Stronach Seeking New Chief Executive, Partnerships, Debt Reduction

Frank Stronach, chairman of Magna Entertainment Corp., attempted to allay investor fears Thursday on the heels of yet another shakeup in the company's leadership. Stronach said he will serve as MEC's chief executive officer until a replacement can be found for outgoing president and CEO Tom Hodgson, whose departure was announced March 14.

News of Hodgson's removal sent Magna stock tumbling, losing 7.9% of its worth the following day. In Thursday's hastily-called teleconference, Stronach met concerns about the potential for a protracted search for Hodgson's successor as well as ongoing instability at the helm.

"We've always been straight up with investors," said Stronach, who has overseen five chief executives in Magna's nine-year history. "There is no vacuum here. This is a complex business. Tom (Hodgson) and I talked and decided that we should look for someone more horse and gaming-oriented. No one is upset. I had hoped Tom would be CEO for the next 20-30 years."

In the March 14 press release issued by the company regarding the tenure of Hodgson, who leaves after serving just a year in the position, Stronach said Hodgson joined MEC in early 2005 "to develop and implement the company's recapitalization plan announced in July 2005, and under his leadership the plan has progressed well."

Also present on the teleconference, Hodgson reiterated his presence was to oversee the recapitalization plan of asset sale and debt reduction, and said he felt the need to respond to what he termed a "market overreaction."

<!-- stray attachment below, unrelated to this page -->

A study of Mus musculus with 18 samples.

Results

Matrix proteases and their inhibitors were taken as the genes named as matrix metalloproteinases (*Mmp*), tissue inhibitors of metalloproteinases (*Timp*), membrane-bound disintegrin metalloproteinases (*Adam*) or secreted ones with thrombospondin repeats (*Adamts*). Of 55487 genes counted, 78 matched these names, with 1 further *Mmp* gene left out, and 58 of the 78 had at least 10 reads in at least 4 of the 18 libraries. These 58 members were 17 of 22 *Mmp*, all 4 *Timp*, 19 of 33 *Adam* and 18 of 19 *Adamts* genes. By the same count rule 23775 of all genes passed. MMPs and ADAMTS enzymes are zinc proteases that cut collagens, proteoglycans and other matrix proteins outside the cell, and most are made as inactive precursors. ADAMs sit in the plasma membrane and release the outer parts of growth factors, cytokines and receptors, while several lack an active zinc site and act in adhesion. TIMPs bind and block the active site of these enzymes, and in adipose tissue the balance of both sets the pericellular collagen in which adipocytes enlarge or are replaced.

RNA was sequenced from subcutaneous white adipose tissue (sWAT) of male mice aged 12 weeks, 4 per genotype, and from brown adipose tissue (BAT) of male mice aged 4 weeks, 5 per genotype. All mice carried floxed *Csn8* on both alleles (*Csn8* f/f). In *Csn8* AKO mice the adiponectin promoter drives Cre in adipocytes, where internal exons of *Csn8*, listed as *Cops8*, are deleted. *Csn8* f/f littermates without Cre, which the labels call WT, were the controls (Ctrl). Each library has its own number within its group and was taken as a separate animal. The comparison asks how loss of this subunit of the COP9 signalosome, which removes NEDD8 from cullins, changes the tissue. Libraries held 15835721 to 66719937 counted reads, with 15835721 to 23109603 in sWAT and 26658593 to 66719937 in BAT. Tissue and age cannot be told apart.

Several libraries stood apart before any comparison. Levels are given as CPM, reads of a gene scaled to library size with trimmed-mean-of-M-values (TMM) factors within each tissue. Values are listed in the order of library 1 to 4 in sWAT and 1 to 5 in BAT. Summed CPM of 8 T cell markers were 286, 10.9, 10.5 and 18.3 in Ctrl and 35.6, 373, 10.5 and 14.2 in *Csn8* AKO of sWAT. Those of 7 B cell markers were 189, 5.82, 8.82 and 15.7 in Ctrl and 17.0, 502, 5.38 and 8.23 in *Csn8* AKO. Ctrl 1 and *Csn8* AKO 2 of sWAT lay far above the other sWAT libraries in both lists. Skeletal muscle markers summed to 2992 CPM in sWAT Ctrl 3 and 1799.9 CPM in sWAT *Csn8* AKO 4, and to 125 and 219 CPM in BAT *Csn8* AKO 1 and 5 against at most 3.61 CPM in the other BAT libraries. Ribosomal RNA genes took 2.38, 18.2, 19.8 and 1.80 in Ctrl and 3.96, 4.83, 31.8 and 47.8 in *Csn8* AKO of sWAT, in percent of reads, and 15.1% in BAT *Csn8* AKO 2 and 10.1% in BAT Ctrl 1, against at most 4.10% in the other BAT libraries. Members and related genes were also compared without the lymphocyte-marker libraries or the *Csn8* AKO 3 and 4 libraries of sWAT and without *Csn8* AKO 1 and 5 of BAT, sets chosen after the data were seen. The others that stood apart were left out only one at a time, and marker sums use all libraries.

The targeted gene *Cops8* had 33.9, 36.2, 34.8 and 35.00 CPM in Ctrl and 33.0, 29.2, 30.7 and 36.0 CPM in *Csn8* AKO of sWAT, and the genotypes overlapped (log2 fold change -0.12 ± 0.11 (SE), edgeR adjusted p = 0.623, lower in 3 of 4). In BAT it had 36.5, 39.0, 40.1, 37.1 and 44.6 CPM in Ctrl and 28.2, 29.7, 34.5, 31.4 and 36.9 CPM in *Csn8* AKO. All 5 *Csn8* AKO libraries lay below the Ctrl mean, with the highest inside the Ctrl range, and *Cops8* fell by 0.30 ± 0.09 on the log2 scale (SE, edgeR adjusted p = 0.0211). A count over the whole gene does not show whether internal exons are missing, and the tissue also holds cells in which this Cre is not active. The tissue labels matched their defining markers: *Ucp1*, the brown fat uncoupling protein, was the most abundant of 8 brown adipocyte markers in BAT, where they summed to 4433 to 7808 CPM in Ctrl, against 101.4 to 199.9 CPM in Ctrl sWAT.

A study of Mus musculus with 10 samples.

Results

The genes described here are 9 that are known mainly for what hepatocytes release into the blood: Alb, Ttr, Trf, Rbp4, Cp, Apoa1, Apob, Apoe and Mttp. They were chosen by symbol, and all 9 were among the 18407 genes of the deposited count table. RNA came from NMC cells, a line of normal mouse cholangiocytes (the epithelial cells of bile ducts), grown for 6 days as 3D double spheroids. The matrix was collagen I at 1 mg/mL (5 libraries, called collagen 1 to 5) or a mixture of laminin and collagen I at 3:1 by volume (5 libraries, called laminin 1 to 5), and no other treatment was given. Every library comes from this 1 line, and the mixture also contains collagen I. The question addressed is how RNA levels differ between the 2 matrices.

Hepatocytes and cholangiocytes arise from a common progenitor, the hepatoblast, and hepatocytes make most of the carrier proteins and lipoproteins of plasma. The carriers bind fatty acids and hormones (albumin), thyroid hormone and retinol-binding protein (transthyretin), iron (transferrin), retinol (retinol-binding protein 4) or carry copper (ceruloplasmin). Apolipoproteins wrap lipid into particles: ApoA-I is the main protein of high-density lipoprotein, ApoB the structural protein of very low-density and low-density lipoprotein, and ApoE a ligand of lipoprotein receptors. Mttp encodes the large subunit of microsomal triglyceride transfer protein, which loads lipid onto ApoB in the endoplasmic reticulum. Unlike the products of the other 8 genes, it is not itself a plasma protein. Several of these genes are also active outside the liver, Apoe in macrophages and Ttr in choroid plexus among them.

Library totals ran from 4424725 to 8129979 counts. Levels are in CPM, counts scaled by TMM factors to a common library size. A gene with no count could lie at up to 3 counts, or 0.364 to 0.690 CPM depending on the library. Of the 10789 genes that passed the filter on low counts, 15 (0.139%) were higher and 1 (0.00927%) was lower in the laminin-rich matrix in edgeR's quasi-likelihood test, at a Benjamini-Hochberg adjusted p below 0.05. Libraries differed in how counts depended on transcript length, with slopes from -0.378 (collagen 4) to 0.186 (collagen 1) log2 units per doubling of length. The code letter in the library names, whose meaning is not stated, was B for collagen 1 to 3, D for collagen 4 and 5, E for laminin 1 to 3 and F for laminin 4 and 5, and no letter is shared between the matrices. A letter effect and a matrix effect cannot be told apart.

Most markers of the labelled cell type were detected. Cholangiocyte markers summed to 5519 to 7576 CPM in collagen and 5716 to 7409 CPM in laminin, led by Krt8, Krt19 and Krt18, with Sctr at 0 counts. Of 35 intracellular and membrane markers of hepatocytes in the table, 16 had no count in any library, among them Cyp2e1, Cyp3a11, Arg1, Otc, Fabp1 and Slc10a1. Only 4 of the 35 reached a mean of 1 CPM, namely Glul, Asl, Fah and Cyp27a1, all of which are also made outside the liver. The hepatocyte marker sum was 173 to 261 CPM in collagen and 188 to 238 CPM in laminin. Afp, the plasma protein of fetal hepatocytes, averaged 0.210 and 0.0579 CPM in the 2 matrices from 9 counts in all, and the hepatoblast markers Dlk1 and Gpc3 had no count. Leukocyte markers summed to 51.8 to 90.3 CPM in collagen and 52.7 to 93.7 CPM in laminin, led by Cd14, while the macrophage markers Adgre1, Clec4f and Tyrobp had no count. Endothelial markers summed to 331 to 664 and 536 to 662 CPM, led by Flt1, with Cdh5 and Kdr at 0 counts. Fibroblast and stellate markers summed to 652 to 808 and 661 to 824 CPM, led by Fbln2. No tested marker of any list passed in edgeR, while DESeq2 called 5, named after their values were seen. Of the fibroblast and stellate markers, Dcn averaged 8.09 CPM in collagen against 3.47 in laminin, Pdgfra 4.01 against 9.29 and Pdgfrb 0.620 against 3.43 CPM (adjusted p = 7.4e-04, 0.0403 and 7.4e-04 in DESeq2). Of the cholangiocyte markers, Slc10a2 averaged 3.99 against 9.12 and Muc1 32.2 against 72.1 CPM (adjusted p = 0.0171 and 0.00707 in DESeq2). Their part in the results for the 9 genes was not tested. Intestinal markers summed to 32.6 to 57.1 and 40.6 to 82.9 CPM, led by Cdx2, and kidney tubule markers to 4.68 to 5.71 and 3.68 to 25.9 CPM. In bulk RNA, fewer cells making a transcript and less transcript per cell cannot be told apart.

"At that time (of his hiring) I made it clear to Frank and the board that I had no horseracing or gaming background, and that this was a deficiency that would need to be addressed at some point in the future," Hodgson said. "We all agreed the need to improve the financial discipline within the company and to have a concerted focus on improving the balance sheet was paramount--and those were certainly efforts I felt comfortable undertaking."

All this comes less than three weeks after Magna announced record year-end losses of $105.3 million, extending its three-year run of red ink to more than $306 million. Stronach said to remedy the losses he would seek partnerships in Magna's gaming and horseracing holdings, including flagship properties like Santa Anita Park.

"We've been in serious talks," said Stronach, who cited the company's aggressive acquisition of "infrastructure and content" as major accomplishments of recent years. "Now we are making debt reduction our top priority. I feel very strongly we have reached the bottom of the valley and we are climbing out slowly."